Lenders assess five ‘Cs’ of credit
In his book Paper Promises: Money, Debt and the New World Order, Philip Coggan points out that the word credit derives from the Latin word credere, which means to believe.
In other words, when we borrow money we believe that we will have the financial capacity in the future to pay back the loan in full.
In turn, the credit union or bank that lends you the money believes that you will pay back the loan using future income.
The basis for lenders’ decisions on whether a person will pay back the loan is referred to as the five Cs of credit: capacity, collateral, character, capital and credit.
The most important component of a good lending decision from both the lender’s and borrower’s point of view is whether the potential debtor can repay the loan.
Your ability to repay a loan is based on the proportion of your income that is taken up by debt payments — for example loan and lease payments — rent if you do not own a home, and other bills, such as heat and hydro, condo fees and property taxes.
Usually if the total of these payments is greater than 40 per cent, your request for new credit will be declined.
This is your total debt service ratio and it should be as important to you as it is to the lender.
A more stringent ratio used by lenders is your gross debt service ratio, which is the sum of all your debt repayments, excluding such items as heat and hydro, property taxes and condo fees. A gross debt service ratio of greater than 32 per cent will more than likely result in a new loan being declined.
The important take away for those seeking to finance a purchase is that the difference between these two ratios is eight per cent. In other words, if more than eight per cent of your income is currently taken up with unsecured loans, lines of credit or credit card payments, you are potentially putting your hopes for future borrowing in jeopardy.
Just as important is collateral. Collateral is essentially a secondary form of repayment for the lender in the event that you do not repay the mortgage. It is also a means of reducing the total cost of borrowing.
Security, in particular real estate and conservative (low-risk) investments, are preferred forms of collateral.
Having a steady recurring income and collateral will help you obtain a loan or mortgage. However, character is just as important as your financial ability to repay a debt.
In “banker speak,” character is the ability to demonstrate your willingness to repay a debt. It is generally measured using credit history (more on this later) and your use of overdrafts and chequing accounts. Cheques returned as insufficient funds, and an over-dependence on overdrafts, can potentially send a signal to lenders of your potential inability to repay debts in a timely manner.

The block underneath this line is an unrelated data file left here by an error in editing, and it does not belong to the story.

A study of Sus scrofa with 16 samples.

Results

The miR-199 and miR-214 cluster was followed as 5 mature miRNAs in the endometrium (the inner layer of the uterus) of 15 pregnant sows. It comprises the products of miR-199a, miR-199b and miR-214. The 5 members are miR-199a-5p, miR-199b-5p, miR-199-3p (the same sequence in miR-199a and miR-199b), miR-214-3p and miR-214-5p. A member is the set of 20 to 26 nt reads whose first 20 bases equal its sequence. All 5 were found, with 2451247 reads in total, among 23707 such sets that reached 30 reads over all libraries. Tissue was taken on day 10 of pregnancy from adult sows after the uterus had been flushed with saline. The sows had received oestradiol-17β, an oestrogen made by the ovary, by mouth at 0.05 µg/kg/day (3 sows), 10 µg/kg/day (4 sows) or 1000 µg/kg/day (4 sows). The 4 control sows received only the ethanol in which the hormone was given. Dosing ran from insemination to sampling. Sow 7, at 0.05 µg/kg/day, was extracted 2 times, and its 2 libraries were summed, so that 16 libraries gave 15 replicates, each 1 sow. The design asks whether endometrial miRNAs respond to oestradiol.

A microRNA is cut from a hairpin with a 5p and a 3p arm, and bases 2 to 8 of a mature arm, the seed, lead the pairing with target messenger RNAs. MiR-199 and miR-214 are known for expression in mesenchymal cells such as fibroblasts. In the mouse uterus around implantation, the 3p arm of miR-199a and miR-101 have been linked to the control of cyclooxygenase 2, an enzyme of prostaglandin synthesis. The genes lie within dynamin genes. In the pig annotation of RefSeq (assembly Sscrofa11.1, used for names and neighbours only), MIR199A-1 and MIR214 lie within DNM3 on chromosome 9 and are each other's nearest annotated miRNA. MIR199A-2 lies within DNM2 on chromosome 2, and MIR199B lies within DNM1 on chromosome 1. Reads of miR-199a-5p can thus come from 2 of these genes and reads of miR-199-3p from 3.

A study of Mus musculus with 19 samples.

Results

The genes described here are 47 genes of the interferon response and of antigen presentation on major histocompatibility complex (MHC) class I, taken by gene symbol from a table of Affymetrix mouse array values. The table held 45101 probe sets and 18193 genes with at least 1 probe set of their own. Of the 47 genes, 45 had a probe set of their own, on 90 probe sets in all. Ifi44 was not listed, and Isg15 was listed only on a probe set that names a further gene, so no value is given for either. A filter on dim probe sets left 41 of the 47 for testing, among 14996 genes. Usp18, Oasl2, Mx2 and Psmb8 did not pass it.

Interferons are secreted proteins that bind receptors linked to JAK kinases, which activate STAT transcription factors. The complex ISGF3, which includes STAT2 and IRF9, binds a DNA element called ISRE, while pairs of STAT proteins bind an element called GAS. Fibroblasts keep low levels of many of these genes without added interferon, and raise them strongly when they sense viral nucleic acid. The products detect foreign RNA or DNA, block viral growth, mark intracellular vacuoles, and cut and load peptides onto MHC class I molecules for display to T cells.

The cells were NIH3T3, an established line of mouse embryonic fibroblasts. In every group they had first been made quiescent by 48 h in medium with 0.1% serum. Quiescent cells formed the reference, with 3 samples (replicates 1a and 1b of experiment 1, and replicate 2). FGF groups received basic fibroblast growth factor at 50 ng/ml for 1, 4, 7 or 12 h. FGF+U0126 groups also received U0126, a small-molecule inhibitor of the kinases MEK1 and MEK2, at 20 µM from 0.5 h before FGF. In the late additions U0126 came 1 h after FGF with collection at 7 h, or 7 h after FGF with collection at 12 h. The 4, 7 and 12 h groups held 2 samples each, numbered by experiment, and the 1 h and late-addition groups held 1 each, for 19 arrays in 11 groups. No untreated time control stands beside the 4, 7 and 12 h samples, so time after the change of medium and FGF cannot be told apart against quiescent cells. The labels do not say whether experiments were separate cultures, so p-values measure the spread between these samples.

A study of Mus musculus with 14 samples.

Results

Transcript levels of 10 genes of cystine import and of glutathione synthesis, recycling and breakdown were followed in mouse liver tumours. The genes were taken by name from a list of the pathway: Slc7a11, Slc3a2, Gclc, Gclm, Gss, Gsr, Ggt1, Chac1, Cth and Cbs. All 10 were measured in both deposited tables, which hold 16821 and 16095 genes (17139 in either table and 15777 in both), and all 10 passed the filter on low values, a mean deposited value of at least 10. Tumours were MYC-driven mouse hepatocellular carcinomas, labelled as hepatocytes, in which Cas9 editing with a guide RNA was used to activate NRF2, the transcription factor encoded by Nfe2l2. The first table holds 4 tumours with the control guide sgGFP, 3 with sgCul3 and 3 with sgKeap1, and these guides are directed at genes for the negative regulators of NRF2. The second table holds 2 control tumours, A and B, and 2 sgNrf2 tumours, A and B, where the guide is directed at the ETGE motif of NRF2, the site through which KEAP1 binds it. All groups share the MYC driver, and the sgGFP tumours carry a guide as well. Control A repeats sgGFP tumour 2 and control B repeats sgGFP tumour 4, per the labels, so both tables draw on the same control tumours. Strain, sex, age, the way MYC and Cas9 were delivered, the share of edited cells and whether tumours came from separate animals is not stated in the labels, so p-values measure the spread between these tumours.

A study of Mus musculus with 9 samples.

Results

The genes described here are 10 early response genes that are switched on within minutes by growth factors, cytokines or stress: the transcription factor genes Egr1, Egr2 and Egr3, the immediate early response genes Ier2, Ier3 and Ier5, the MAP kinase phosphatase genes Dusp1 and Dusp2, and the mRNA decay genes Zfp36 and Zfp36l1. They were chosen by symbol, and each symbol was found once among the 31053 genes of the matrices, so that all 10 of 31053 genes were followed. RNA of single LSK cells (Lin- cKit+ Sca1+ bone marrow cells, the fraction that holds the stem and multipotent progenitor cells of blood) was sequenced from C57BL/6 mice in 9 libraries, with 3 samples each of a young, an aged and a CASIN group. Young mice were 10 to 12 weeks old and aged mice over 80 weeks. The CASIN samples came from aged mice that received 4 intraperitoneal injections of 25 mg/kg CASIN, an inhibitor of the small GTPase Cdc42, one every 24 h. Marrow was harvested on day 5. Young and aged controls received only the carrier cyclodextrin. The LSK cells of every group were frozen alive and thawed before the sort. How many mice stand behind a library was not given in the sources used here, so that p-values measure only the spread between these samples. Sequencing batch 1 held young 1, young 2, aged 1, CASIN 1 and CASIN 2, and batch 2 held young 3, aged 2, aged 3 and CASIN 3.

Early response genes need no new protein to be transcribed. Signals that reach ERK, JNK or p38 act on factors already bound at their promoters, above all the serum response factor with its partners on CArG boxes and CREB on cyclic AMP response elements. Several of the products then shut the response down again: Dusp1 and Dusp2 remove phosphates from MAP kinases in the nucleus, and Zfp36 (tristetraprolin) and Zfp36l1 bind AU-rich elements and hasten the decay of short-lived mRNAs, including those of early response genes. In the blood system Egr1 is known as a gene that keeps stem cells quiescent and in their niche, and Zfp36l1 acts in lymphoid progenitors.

Remember, credit is the belief that you will make debt payments on time.
Capital is essentially your net worth: total assets less total liabilities. Many people just don’t believe me when I explain to them that financial institutions want you to repay loans and increase your net worth.
Why? Banks and credit unions need both savers and borrowers.
Savers have excess cash which they deposit into savings accounts and GICs which are the basis for lenders’ ability to lend. So banks, credit unions and other financial institutions want long-term stable customers that they can both lend to and borrow from. A growing trend in the net worth of their customers will eventually feed an expansion of credit.
Aside from capacity, credit is perhaps the next most important factor in being approved for a mortgage or any other credit facility.
Credit is simply measured by your credit history as reported by Equifax or Transunion. It is a number created by complex statistics but it can have a big impact on both your ability to be approved for financing and its total cost.
The higher your credit score, the higher the probability you will be approved for a loan and the lower the total cost of borrowing.
So the next time that you are thinking of borrowing, keep in mind the five Cs of credit. After all, you want your banker to believe in you and your ability to use credit wisely.
Remember, you are in control of your financial destiny.
Easy Money is written by Patrick O’Meara, an instructor at Red Deer College’s Donald School of Business. He can be contacted at Patrick.O’Meara@rdc.ab.ca.